Unico Collections Two
Reviewed by R. Krauss
Unico Comics and the Amateur Comics Guild created the Collections anthology as a publishing venue to encourage and support emerging comics talent in the UK. It's an admirable mission and worth supporting.
Several of the stories in this issue are continued. This is always a little off-putting in a small press title. Small press comikers create their work on the side and despite their best intentions, life happens, so readers can never be certain stories that begin, will ever be concluded. To Unico's credit, Collections has issued their third volume already, so let's hope their team sticks with it. They've already established a track record better than average.
Here's a brief description of the contents with a few editorial comments added. There's a sample page from each story following the review.
Snowfall by Phil Cuthbertson and Mark Bell is a crime drama. A police detective with plenty of baggage is back on the job after a four month suspension. His work may be the last thing he's got to keep it together. At the crime scene of murdered woman he's angered at the thought of another unsolved case. The chilling cold of winter reflects his bitter resolve to ensure this victim's killer is found. The opening scenes of this story are a good start with solid storytelling and artwork. However, I'd Lose The Initial Caps Of The Narrative And Dialogue. It Just Makes Harder To Tell Where Sentences Begin And End.
Crash by Michael Burness and David Bryne is a SF yarn. A misfit crew crash lands on an alien world. Not much really happens in the opening chapter, but the unusual characters and their quips—and Bryne's artwork—make for a promising start.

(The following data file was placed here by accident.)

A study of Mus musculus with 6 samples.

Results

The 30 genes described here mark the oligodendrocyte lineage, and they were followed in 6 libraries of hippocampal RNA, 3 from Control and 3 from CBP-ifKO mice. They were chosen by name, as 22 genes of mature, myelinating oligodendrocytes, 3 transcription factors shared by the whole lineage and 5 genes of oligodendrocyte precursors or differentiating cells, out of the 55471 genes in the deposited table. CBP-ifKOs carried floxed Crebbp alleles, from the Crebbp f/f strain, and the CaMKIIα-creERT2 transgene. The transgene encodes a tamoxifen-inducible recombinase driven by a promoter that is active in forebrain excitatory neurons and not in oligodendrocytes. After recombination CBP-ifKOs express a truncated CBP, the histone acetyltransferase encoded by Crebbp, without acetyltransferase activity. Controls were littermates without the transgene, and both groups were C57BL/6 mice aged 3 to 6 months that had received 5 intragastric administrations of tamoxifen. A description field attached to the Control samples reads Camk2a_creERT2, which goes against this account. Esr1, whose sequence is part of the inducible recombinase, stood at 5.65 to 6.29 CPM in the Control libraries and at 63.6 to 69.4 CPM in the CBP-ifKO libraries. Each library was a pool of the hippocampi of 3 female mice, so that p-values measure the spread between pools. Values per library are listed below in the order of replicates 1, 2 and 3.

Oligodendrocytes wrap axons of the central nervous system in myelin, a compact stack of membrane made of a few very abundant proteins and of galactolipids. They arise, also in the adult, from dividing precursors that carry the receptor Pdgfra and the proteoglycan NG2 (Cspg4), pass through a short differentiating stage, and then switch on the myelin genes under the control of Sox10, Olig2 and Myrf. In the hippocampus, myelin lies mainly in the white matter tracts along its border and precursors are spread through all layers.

War God by David Wallace and Adam Whitfield (with lettering by Dan Garrett ) is about a gang war and the arms dealers who profit from it. This one is filled with nasty characters, blood and guts, some nudity, and cussing. Wallace creates a nicely twisted cast with plenty of conflict, but there's no one readers can emphasize with. They're all baddies.
The Seven Sentinels written by Marc Olivent and Barry Renshaw , with art by Olivent is shaping up to be an epic battle yarn pitting a small band of super soldiers against impossible odds in a violent, post-apocalyptic Earth. This was my favorite story in the collection. It's fast paced, with the story unfurling through the action. The artwork is very appealing on it's own, but Olivent's strong design makes it even better.
A Day in September is based on a poem by Abie John , arranged by Michael Burness and drawn by Mark Bell . It's about 911 and it's aftermath. A sobering end to a collection of otherwise fictional comic stories. It was particularly interesting to read Burness' introductory page—a British take on that fateful day-followed by a native New Yorker's.
Name: Richard Krauss
Been reading comics: since I started reading Marvel comics in Junior High School.
Review Bio: After several years I discovered titles like Zap and Bijou at a headshop and was seduced by the freedom and variety they offered. When the new-wave comix era sprouted from the seeds of the undergrounds, I quickly joined the ranks of other struggling cartoonists with phenomenally low print runs. After almost a decade of small press comix, I retired and made a solemn vow never to return. Several years later the Internet happened and over time many of my favorite new-wave cartoonists got online. The bug bit again and I started exploring the new crop of small press cartoonists. Today's explosion of small press comics is more exciting than any time I've ever seen.
Favorites: Papercutter, Not My Small Diary, Slam Bang, Comic Eye, stuff from Main Enterprises and Weird Muse, to name a few.